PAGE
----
This video from the USA says about itself:
10 March 2016
At last night’s Democratic presidential debate in Miami hosted by Univision, both Hillary Clinton and Bernie Sanders claimed they would be the best candidate to take on Republican front-runner Donald Trump in a general election. Well, the question of which Democratic candidate is best suited to challenge Trump is generating a lot of impassioned discussion and disagreement. We host a debate between Nathan Robinson of Current Affairs and professor Alan Draper of St. Lawrence University.
From daily The Morning Star in Britain:
Complacent Ms Clinton
Thursday 10th March 2016
BRITAIN’S opinion pollsters received a drubbing last May after failing to perceive a Tory overall majority in the general election. Now it’s the turn of their US counterparts.
Establishment hopeful Hillary Clinton was forecast to canter home in the Democratic Party’s Michigan primary by an average of 20-25 percentage points over her democratic socialist rival Bernie Sanders.
A Fox 2 Detroit poll on Sunday even had Clinton winning by a landslide of 37 points.
Clinton was so caught up in the euphoria of the moment that, the day before the Michigan primary, she urged the Vermont senator to drop out and “end the primary.”
In the event, it was egg on faces all round as the outsider took the honours by 50 per cent to 48 per cent.
While Clinton has barely broken sweat to win easily in the southern states, based on her barely explicable support among African-American voters, she has yet to win any northern state convincingly, squeaking home in Iowa and Massachusetts.
With major contests looming in Ohio, Illinois and Missouri next Tuesday, successes for Sanders in these states, which share similar demographics to Michigan, would certainly defer the coronation as official presidential candidate that Clinton and the party elite desperately desire.
Criticism by Sanders of the backing given by Clinton and the party leadership to free-trade agreements that have brought about the export of manufacturing jobs to low-wage overseas economies played well in Michigan and could do likewise across the so-called “rust belt.”
His core message that a “rigged economy” works in the interest of the wealthy rather than the population as a whole is backed by 80 per cent of the electorate.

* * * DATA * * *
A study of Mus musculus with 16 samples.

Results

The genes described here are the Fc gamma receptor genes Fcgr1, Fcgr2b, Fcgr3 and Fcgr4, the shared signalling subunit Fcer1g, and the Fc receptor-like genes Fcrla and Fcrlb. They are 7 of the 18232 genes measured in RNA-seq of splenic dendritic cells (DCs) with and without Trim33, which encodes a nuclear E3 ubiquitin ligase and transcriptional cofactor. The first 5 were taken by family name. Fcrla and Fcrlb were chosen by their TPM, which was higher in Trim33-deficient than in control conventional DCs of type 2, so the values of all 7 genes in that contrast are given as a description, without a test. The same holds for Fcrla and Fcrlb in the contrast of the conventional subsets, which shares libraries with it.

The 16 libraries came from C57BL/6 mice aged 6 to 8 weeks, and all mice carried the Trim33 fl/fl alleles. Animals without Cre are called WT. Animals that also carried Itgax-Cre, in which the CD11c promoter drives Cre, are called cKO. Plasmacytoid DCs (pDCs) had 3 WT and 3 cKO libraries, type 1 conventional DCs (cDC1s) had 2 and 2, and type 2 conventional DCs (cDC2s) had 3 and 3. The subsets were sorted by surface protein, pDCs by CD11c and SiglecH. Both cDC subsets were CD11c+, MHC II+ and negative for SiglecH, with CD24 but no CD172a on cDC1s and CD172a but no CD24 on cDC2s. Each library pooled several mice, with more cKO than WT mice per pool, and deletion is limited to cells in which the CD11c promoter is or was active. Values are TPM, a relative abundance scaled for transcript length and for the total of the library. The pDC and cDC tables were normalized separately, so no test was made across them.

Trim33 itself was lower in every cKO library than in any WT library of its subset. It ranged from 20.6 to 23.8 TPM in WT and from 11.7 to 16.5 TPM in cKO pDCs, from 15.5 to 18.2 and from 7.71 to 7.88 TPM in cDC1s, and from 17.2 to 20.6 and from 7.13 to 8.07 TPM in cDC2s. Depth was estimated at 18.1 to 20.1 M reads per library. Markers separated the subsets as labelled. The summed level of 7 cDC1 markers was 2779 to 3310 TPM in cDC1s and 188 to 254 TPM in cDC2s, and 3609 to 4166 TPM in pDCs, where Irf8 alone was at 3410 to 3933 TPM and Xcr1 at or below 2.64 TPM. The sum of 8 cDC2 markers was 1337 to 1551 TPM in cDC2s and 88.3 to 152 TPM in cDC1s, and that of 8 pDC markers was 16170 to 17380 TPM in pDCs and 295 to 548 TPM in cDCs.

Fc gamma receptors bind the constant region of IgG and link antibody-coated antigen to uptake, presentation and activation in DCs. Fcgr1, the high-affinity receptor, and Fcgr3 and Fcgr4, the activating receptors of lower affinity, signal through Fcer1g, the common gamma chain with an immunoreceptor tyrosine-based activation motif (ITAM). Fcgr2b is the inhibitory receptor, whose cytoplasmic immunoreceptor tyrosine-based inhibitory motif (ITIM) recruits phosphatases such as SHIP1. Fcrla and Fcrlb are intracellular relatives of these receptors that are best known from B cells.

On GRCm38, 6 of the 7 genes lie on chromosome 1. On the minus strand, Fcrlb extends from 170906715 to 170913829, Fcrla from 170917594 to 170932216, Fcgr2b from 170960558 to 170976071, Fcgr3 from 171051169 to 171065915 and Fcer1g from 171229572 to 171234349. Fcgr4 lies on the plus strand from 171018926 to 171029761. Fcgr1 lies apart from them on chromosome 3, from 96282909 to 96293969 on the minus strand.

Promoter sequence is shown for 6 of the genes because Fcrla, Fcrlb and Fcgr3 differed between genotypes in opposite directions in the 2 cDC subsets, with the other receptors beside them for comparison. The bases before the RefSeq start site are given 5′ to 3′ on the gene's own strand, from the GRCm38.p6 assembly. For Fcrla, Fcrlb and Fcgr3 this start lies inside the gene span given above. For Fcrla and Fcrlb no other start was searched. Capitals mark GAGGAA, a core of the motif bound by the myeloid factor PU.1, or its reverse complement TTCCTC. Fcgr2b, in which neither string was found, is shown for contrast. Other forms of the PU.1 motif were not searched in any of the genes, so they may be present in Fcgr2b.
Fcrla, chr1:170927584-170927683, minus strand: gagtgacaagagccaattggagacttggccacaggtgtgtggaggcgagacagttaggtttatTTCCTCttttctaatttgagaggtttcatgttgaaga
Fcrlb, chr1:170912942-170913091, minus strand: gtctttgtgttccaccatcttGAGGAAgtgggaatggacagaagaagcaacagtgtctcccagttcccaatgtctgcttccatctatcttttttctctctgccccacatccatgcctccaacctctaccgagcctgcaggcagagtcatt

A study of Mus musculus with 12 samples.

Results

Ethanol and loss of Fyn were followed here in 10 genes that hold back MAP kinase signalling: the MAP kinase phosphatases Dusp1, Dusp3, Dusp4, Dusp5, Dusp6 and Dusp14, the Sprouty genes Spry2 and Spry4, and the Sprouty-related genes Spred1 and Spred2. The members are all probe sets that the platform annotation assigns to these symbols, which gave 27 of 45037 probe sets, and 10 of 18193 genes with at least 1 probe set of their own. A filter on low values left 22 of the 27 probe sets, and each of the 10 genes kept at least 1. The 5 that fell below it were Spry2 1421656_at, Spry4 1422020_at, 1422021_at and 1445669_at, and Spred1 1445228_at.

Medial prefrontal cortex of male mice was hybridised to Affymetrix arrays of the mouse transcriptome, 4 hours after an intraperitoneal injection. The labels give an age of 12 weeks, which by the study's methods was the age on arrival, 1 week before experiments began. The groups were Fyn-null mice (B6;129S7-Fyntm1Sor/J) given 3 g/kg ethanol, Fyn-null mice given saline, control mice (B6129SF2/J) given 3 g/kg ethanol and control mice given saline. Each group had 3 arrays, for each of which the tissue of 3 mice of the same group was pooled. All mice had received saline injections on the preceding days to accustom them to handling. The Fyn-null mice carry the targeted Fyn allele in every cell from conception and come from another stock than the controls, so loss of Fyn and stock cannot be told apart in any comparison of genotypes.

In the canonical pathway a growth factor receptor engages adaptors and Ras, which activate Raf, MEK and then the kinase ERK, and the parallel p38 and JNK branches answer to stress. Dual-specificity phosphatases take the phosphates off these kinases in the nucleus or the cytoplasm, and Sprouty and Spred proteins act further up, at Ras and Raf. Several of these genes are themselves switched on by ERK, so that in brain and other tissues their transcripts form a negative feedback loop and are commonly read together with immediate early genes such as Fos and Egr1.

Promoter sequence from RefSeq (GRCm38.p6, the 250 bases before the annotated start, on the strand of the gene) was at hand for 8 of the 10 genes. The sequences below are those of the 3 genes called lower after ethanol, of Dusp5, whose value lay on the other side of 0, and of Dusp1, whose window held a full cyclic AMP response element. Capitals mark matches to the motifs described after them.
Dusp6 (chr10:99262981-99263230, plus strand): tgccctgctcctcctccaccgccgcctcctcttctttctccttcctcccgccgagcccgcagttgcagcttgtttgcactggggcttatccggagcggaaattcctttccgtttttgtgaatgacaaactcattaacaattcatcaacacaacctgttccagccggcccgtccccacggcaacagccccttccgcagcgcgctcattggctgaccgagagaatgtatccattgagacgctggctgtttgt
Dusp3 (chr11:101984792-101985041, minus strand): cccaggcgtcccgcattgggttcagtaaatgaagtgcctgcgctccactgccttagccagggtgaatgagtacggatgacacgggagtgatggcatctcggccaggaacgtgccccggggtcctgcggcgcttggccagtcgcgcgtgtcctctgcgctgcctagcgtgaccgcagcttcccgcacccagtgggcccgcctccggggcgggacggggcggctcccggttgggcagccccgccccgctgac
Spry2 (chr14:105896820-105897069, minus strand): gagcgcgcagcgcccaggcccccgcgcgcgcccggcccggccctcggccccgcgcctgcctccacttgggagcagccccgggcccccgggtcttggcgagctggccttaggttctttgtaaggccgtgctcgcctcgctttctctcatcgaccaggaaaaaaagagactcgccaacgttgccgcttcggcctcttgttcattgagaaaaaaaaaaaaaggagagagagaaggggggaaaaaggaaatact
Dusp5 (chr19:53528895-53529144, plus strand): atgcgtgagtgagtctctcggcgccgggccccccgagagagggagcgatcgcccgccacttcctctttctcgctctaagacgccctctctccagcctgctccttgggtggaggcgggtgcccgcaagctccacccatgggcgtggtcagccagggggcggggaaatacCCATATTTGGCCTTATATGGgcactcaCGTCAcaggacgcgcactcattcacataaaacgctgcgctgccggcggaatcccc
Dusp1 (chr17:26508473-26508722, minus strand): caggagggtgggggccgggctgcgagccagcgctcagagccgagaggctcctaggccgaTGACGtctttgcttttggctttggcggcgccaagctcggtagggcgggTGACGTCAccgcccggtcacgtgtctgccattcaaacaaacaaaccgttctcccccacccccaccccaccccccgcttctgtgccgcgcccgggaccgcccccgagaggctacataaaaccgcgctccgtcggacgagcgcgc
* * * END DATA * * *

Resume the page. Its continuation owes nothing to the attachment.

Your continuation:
Continued success for the scourge of Wall Street, in the face of united and single-minded media hostility against him — the Washington Post, for example ran 16 negative stories about Sanders in just 16 hours in the run-up to Tuesday’s vote — illustrates the seriousness of his campaign.
Clinton’s delegate total of 1,221 includes 461 superdelegates while Sanders has just 25 in his 571.
Whatever happens, the Establishment candidate has already begun to reposition herself politically, referring to Sanders as her “ally” with whom she hopes to work in the general election.
She declares that “the issues he has raised, the passion he has demonstrated, the people he has attracted are going to be very important,” but how long such sentiments would survive in the event of her passing the winning post is up in the air.
The victory of Vermont Senator Bernie Sanders in the March 8 Democratic primary in Michigan is a clear indicator of growing radicalization in the American working class. More than half a million people cast their votes for a candidate claiming to be socialist. This gave Sanders an unanticipated victory over former Secretary of State Hillary Clinton, the consensus presidential nominee of the Democratic Party establishment. Sanders won despite the support for Clinton by the corporate-controlled media, whose polls invariably predicted a Clinton victory by double-digit margins: here.